U.S. Customs & Border Protection may require a formal consumption entry for any merchandise valued over $2,000 if deemed necessary for (a) import admissibility enforcement purposes, (b) revenue protection, or (c) the efficient conduct of Customs business. (19CFR143.22).
It is the standard practice of CBP offices in the Pacific Northwest to require that a formal entry be filed on all boats valued over $2000 imported into the U.S., whether imported for personal or commercial use.
If the vessel is sold, chartered, or offered for sale or charter without the owner first having filed a consumption entry and having paid duty, the vessel may be subject to seizure or a monetary claim equal to the value of the vessel (19CFR4.94(d)(1)&(2)).
The U.S. Customs regulations require that boats imported for sale, lease or charter be imported under a consumption entry and any applicable duties and taxes paid.
Any offer to sell or charter (for example, a listing with yacht brokers or agents) is considered evidence that the vessel was brought in for sale or charter to a resident or, if made within one year of entry of a vessel brought in free of duty as personal effects, that the vessel no longer is for the personal use of the non-resident. (19CFR4.94)
Dutiable merchandise imported and afterward exported, even though duty thereon may have been paid on the first importation, is liable to duty on every subsequent importation into the Customs territory of the United States (19CFR141.2)
Therefore, a foreign-manufactured boat imported into the U.S. may be subject to duty, even if that boat was previously registered in the U.S.
Boats and Vessels
“The word vessel includes every description of watercraft or other contrivance used or capable of being used as a means of transportation on water, but does not include aircraft.” (19CFR4.0(a)).
Arrival and Entry of Vessels
“The phrase “arrival of a vessel” means that time when the vessel first comes to rest, whether at anchor or a dock, in any harbor within the Customs territory of the U.S.” (19CFR4.0(f))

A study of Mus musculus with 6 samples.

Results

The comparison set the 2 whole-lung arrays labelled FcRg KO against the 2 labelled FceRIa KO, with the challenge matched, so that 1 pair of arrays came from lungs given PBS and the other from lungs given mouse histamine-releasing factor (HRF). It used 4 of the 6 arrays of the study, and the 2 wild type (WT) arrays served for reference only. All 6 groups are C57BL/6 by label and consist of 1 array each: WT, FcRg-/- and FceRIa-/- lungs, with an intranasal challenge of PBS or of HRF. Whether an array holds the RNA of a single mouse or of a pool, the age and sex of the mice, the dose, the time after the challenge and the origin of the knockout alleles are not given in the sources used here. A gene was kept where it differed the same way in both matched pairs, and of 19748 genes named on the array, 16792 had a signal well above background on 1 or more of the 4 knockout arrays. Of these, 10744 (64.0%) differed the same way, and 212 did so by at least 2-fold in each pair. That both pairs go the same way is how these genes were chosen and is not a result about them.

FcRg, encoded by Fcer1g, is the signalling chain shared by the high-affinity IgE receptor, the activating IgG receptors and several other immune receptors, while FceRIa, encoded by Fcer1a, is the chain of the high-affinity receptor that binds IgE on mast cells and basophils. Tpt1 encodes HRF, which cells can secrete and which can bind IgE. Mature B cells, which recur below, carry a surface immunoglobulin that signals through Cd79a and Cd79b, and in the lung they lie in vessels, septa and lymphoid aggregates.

Report of Arrival of Vessels is Required
“Upon arrival in any port or place within the U.S., including…the U.S. Virgin Islands, of any vessel from a foreign port or place, any foreign vessel from a port or place within the U.S., or any vessel of the U.S. carrying bonded merchandise or foreign merchandise for which entry has not been made, the master of the vessel shall immediately report that arrival to the nearest Customs facility or other location designated by the port director.” (19CFR4.2(a)).
Vessels Required to Enter, Place of Entry
Unless specifically excepted by law, within 48 hours after the arrival at any port or place in the United States; the following vessels are required to make formal entry:
Penalties for Violation of Vessel Reporting and Entry Requirements
“Violation of the arrival or entry reporting requirements provided for in this part may result in the master being liable for certain civil and criminal penalties…
The penalties include civil monetary penalties for failure to report arrival or make entry, and any conveyance used in connection with such violation is subject to seizure and forfeiture.” (19CFR4.3a)
Due to the restrictions on TIB’s, boats entered into the U.S. to be offered for sale or listed for sale with a yacht broker would not be eligible for a TIB and would have to be entered under a consumption entry with the payment of duty.
An otherwise dutiable vessel used primarily for recreation or pleasure and exceeding seventy-nine feet in length that has been previously sold by a manufacturer or dealer to a retail consumer and that is imported with the intention to offer for sale at a boat show in the United States may qualify at the time of importation for a deferral of entry completion and deposit of duty (19CFR4.94a).